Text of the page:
We have all said “I will start getting serious about investing when I earn more money” or “I just need to get my head straight” or “When I (put excuse here) I will start saving. Trouble is most of us can find compelling reasons not to save. After all, saving means taking cash out of our disposable income- limiting the things we can buy and do. What we often fail to see, is the other side of the equation. If we save this money it will grow and the longer we save the faster it will grow and before we know it we are squillionaires who can afford, well, just about anything.
The problem with saying “I will save when I am earning more money” is that when you earn more, you will quickly find things to spend it on –and it’s not a savings plan. We tend to think that saving R200 is just not worth saving, if we are going to save we need to save big or go home. This kind of thinking means that we never find a compelling enough reason to commit to a plan.
Believe it or not even saving R10 a day can still be worth something if you allow it to grow up. If you saved R10 a day at an interest rate of 9.5 % you would be a millionaire in 37 years. Granted for most people that’s way too long to wait and inflation would make a significant dent but it certainly gets your attention.
The longer you wait to start saving the more difficult it becomes. If you started saving from the age of 20 with the aim of having one million rand by age 65, all you would need to squirrel away is R61 per month. If you started at age 25 you would have to save R109 rand a month, or, if you wait until you are 35, you will have to save R345 per month. When you hit 45 the monthly savings requirement jumps to R1, 150.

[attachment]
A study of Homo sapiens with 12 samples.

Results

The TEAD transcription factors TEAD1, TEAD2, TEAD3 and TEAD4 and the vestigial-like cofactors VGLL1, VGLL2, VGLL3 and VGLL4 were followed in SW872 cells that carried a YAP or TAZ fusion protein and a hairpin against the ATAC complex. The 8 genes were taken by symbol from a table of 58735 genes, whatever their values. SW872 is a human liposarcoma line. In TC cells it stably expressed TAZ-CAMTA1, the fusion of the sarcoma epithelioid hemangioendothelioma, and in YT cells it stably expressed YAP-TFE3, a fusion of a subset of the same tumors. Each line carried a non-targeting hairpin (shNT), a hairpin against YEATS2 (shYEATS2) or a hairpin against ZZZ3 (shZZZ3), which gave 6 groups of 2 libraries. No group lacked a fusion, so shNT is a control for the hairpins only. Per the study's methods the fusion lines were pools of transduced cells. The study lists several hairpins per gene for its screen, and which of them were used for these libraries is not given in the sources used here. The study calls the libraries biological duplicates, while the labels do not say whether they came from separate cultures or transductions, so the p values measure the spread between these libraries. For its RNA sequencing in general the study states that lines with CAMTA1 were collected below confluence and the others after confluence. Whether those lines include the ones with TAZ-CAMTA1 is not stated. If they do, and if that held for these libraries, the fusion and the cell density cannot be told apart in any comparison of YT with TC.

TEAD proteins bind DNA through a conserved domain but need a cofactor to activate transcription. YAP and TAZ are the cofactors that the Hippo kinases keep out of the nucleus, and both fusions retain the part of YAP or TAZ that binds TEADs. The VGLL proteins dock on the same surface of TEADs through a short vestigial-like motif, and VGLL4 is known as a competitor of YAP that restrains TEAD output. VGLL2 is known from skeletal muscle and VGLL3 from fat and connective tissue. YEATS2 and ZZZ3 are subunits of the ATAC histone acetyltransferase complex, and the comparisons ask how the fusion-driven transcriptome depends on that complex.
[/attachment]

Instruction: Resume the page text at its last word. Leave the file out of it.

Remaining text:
And if you leave it until you are 55 you’ll have to salt away R4, 749 to get to a million by age 65. Bearing in mind of course, that R1 million rand is unlikely to be nearly enough for retirement, unless you live on berries and leaves in a cave for the rest of your life.
So what’s holding you back besides procrastination? If you have lots of debt repayments each month, extra cash will be scarce. If for example, you are like the average South African, spending over 70% of your disposable income on debt repayment, then it leaves very little to work with. It is vital to get rid of as much debt as possible (one of your biggest excuses) in order to get on track. Once you have freed up cash to save, commit to a retirement annuity where a set amount is deducted from your salary each month and make sure that it increases annually by at least the rate of inflation. By doing this you will soon forget that you even had the money; the saving will become automated, and the procrastination habit will no longer be an issue.